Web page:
Tartine #1: Artichoke, sun-dried tomato, kalamata olives, and a thyme garlic compound butter

Most of us grew up eating sandwiches. Peanut butter & jelly, ham & cheese, we received them in our lunch boxes, and even continue the tradition of lunchtime-sandwich-time in our adult years. The number of sandwich shops, chain stores alone, is phenomenal, and all the varieties of sandwiches you can get.

For some reason sanwiches never really did it for me. I certainly understand the appeal. The sandwich serves as a vehicle for whatever creation your hearts desires, and for whatever the two slices of bread can hold together. But still, I never really crave a sandwich. What I do crave are tartines. Open faced sandwiches, just one slice of bread, preferably toasted, and topped with whatever you can think of. They remind me of Belgium, and lazy sunday lunches growing up.

While logistically they are not that much different than the sandwich, just one less piece of bread, but somehow the whole concept has changed. You can not keep piling on ingredients, a leaning tower of pisa of sandwich fillers, which will be secured down with that top slice of bread. The tartine has to be constructed with different considerations. It has to be able to stand on it's own.

And once you get that basic difference, the possibilities are endless. Avocado, sprout, and fleur de sel. Goat cheese, honey, and thyme. Even peanut butter, honey, and bananas. Without the extra slice of bread, the taste is totally different.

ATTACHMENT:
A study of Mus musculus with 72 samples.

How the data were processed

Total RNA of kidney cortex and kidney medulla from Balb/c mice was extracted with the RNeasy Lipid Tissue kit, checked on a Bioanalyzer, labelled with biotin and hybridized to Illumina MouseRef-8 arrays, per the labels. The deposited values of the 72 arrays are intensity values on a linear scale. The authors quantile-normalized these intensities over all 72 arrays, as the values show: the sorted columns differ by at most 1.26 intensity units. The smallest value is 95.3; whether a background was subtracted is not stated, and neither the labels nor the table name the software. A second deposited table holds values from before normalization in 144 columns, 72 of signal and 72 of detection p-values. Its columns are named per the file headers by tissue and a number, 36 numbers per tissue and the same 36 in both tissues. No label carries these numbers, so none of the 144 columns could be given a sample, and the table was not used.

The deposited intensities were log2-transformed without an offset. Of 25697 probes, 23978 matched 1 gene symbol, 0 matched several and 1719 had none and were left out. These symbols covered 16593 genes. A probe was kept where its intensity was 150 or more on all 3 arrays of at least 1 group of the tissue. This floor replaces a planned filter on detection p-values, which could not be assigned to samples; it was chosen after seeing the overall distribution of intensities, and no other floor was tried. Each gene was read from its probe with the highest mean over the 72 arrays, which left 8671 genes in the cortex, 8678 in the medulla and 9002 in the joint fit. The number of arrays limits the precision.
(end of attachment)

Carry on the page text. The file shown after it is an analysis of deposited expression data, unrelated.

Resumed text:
This week I made mine grilled with thyme garlic butter, topped with artichoke salad, and accented with cheddar and kalamata olives. It makes a great light lunch, or would be a nice addition next to a bowl of soup. An alternative to the traditional grilled cheese, and a step up from toast with butter.

Artichoke Tartine
serves 2

2 large slices french country bread
2 Tbs butter, room temperature
2 sprigs thyme, leafs of
1 clove garlic, grated
1 can artichoke hearts, rinsed and roughly chopped
1/4 cup parmesan
 3 Tbs. homemade mayonnaise
3 sun-dried tomatoes, chopped
1/4 lemon, juice of
3-4 kalamata olives, pits removed in cut in half
6 thin slices of a sharp white cheddar, such as Cabot
1/4 tsp salt
pepper to taste

Preheat the oven to 350 degrees. In a small bowl, mash together the butter, garlic, and thyme. Mix until evenly distributed. Butter the two slices of bread (there will be some compound butter left over, this is a blessing, it always comes in handy). Using a grill pan, "grill" the butter side of the bread on high heat to make the bread just a tad crispy. You know this has been achieved when you begin to see grill marks on the bread. In the mean time, prepare the toppings. In a large bowl combine the artichoke hearts, parmesan, sun-dried tomatoes, mayonnaise, lemon juice, salt and pepper. Top the butter toasted slices of bread with the artichoke topping, and arrange three slices of cheddar on each slice. Place in the oven and toast until heated through and the cheese has begun to melt. Top with the olives and sprinkle with extra thyme leaves. Best eaten right away, when still piping hot and crisp.